Scleroderma - Getting Diagnosed
Scleroderma can take so many forms and affect so many different areas of the body, it can be difficult to diagnose. These are the steps that you'd need to take.
Dr John Pauling talks about why auto-antibodies are used for scleroderma diagnosis in the clip below:
If you experience symptoms of Raynaud's or Scleroderma it's important to get an appointment with your GP as soon as possible to get yourself booked into the NHS system as it can take time to get appointments and to get diagnosed.
After a thorough physical exam by your GP including Raynaud's tests as Raynaud's is one symptom of scleroderma, you may be referred to a consultant or specialist for further tests and tests for scleroderma.
Tests for scleroderma
The first step is to have an antinuclear antibodies (ANA) blood test. This test checks for an overactive immune system, which is common in people with autoimmune conditions such as scleroderma.
What are Auto-Antibodies?
If a conclusive result cannot be given the doctor may remove a small tissue sample (biopsy) of your affected skin so that it can be examined in the laboratory for abnormalities.
Your doctor may also suggest breathing tests (pulmonary function tests), a CT scan of your lungs and an echocardiogram of your heart.
Other tests may be used to help diagnose scleroderma:
Thermography test for Raynaud's
This test is performed by means of a state-of-the-art infra-red camera that sees the heat generated by the human body and translates it into colour scale which can map a patient's skin temperature. The measurements are made in a cool, temperature-controlled room, where the patient first rests for 15 minutes to acclimatise. Electronic images are then taken using a thermal imaging camera which detects the infra-red radiation which is continuously given off. The amount of radiation detected depends on the temperature of the surface viewed and the images are colour coded to show the temperature distribution. Lower temperatures appear as blue and higher ones as red, pink or white. Thermography is non-invasive which makes it particularly suitable for use with children and for repeated measurements.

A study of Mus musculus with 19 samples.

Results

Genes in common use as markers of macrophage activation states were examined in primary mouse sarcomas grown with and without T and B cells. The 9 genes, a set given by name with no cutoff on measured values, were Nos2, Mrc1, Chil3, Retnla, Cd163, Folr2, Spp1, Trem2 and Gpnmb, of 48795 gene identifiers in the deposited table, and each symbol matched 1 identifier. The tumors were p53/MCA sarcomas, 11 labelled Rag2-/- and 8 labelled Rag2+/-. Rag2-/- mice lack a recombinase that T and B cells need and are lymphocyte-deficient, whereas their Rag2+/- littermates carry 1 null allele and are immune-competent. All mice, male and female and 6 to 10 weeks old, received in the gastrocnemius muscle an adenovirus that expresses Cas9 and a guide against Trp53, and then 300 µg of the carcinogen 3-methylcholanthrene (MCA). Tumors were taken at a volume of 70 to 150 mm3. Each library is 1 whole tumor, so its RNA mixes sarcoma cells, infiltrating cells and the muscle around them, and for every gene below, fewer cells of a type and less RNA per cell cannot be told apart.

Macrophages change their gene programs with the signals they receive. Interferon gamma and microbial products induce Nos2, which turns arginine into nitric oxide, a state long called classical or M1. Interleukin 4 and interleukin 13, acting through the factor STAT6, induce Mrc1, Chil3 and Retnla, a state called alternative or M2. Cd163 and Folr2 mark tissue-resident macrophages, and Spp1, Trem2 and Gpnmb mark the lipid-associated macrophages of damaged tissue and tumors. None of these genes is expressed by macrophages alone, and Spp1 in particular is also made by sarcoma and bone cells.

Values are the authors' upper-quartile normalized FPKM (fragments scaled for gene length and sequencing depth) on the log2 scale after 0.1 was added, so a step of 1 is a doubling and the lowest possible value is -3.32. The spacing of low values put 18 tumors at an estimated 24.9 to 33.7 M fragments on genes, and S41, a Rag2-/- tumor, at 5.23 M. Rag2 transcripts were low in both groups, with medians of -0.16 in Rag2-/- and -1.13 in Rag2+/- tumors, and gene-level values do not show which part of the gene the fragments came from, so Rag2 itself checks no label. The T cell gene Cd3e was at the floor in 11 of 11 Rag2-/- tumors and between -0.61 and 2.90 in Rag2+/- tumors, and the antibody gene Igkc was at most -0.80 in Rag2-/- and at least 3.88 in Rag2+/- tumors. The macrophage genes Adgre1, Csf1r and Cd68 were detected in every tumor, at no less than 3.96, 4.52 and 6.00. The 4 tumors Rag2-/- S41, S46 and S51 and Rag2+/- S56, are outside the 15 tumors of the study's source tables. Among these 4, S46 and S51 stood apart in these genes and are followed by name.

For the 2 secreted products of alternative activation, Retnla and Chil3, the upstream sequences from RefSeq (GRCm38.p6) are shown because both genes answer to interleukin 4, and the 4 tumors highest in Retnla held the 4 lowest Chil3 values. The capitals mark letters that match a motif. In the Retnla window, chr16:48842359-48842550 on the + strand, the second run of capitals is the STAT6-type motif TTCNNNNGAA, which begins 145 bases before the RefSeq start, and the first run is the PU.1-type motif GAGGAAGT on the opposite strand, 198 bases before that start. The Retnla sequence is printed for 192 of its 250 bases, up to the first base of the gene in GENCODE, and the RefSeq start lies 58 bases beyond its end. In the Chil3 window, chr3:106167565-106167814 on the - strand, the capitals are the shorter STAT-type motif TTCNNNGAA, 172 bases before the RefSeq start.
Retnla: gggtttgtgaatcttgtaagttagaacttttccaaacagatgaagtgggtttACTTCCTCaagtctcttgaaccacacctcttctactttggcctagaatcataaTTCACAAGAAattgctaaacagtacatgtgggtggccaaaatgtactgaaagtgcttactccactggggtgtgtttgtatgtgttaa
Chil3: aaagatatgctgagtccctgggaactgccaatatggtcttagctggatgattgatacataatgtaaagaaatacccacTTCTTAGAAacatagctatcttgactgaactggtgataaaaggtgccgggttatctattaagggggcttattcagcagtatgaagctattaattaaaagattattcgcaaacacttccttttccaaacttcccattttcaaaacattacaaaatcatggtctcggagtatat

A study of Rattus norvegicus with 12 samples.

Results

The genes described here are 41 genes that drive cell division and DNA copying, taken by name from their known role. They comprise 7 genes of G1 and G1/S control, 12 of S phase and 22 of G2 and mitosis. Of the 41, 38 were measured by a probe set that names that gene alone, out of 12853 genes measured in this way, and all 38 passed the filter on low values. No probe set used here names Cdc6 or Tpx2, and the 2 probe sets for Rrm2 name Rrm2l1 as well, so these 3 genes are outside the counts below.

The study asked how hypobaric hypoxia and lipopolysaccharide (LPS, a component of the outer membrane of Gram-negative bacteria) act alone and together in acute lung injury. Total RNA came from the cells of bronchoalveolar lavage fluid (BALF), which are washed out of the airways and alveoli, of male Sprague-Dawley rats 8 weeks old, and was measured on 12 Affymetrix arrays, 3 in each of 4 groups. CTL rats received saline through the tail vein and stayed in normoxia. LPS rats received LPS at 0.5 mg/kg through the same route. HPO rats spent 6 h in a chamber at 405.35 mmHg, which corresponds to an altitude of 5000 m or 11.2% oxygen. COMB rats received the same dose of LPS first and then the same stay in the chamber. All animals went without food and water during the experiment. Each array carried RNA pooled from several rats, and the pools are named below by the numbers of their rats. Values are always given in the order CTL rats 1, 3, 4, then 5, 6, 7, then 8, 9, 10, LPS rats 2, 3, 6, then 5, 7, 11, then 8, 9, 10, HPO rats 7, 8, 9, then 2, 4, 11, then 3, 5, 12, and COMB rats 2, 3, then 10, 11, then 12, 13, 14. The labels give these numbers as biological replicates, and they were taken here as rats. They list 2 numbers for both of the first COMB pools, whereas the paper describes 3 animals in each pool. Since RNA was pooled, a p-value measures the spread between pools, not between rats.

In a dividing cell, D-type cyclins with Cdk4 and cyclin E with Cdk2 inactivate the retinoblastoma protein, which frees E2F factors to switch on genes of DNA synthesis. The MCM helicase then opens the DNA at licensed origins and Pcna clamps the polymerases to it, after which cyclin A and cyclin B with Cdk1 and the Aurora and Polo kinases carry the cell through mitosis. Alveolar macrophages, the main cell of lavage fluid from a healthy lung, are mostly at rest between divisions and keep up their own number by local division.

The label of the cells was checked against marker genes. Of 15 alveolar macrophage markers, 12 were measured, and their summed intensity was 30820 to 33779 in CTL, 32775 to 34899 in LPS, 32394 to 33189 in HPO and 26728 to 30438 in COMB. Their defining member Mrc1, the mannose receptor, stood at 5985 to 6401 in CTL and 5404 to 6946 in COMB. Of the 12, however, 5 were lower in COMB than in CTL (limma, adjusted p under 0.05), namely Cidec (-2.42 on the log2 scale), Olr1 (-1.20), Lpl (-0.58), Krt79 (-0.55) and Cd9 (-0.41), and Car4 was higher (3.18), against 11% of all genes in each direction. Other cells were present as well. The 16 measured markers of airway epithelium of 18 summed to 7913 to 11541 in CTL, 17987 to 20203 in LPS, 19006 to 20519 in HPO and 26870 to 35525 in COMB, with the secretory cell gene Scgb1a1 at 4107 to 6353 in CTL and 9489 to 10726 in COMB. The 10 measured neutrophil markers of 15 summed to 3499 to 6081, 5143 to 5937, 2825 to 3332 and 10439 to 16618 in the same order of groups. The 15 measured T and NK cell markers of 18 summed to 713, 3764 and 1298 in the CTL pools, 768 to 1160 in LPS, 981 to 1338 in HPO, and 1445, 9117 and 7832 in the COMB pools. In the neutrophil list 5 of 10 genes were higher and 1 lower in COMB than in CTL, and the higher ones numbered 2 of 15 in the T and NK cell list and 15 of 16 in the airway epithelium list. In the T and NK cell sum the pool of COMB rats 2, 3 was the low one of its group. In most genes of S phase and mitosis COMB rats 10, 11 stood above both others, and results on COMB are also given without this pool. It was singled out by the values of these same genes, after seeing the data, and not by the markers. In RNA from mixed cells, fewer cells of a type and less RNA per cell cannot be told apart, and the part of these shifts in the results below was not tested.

In this test the capillaries at the base of the nail may be examined with an ophthalmoscope, magnifying lens or with a capillary microscope, to look for abnormal patterns. The result is positive if significant damage to the very small blood vessels is observed. There are however, a group of patients who have abnormal nailfold capillaries and/or positive antinuclear antibodies, but who after follow up do not develop definite connective tissue disease. These patients have autoimmune Raynaud's.
This technique is used mostly as a research tool at a number of specialist centres. Laser Doppler measures the blood flow in the small skin vessels by illuminating the skin with very low power laser light, and detecting the light scattered back from the skin. Some forms of laser Doppler involve attaching a probe to the skin surface, whereas others involve a light beam that scans across the skin surface to produce an image of blood flow over an area. Further refinements allow those measurements to be made whilst the skin is gently heated, or whilst a test drug is applied to a small area of skin.
You then may be given a diagnosis, or even a referral to another specialist in one area as scleroderma can affect different parts of the body.